When I found that the backdrop for this novel is “small-town America”; one of my least favourite places, my heart sank. My heart sank even further when I found that narrative was liberally sprinkled with profanity. I am however very glad I persevered, for this is an outstanding work with powerful storytelling that leads to a shocking climax.
The story begins with Jess reporting to Jim, the Officer investigating the disappearance of her three-year-old son, Harry. She was watching him on the screen of her baby-alarm monitor, when suddenly he wasn’t there, and in his place, she saw a grinning face; one of a clown.
The thread running through the story is (of course) the search for the little Harry, but being set in “small town America”, naturally everyone knows everyone. Diversity is the operative word, as the cast of characters are far too many to list, but the variety of differing religions and races [including an Englishman] give it an edge. All the characters have a part to play in the search, even if only a marginal one. There’s Jess, Jim, Jared, and Jerry to start with. Nearly everyone has a secret. Jerry is freakishly large and fat, with an unbroken child’s voice and lives with his equally, rotund and demanding mother [who works in the local Photo store]. Jared hasn’t been in the town long, and keeps changing jobs and moving on. Jess’s husband, Michael, has walked out on her, and she is desperate for support. I could go on, but the mystery lies in the characters that populate this mystery, and a sense of humour that provides light to this dark tale.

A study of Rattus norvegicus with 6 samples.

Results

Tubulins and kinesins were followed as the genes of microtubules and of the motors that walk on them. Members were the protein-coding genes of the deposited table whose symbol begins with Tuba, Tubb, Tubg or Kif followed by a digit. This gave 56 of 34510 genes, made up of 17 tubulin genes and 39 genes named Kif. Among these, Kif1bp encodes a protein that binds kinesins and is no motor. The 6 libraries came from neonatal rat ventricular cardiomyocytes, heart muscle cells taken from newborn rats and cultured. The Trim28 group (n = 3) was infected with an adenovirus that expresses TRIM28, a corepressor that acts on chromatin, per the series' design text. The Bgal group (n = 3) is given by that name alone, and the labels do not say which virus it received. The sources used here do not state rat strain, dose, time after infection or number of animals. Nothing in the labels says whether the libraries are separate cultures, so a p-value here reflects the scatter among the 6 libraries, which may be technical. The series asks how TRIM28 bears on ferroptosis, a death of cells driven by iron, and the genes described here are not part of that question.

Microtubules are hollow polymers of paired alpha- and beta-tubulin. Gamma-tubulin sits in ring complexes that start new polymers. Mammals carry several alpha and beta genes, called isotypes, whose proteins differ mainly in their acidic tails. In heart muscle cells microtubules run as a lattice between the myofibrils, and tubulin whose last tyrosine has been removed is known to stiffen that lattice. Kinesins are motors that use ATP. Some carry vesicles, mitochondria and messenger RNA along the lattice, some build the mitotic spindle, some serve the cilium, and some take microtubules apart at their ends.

Every now and then, there is a hint, possibly helpful, possibly deliberate misdirection. With the vast array of characters, all well delineated there is also a sense of dread and fear which all leads to an unexpected and shocking dénouement, one that I defy any reader to second guess.
The story is told so cleverly, twisting the strands together that I found myself stunned when I reached ‘The End’.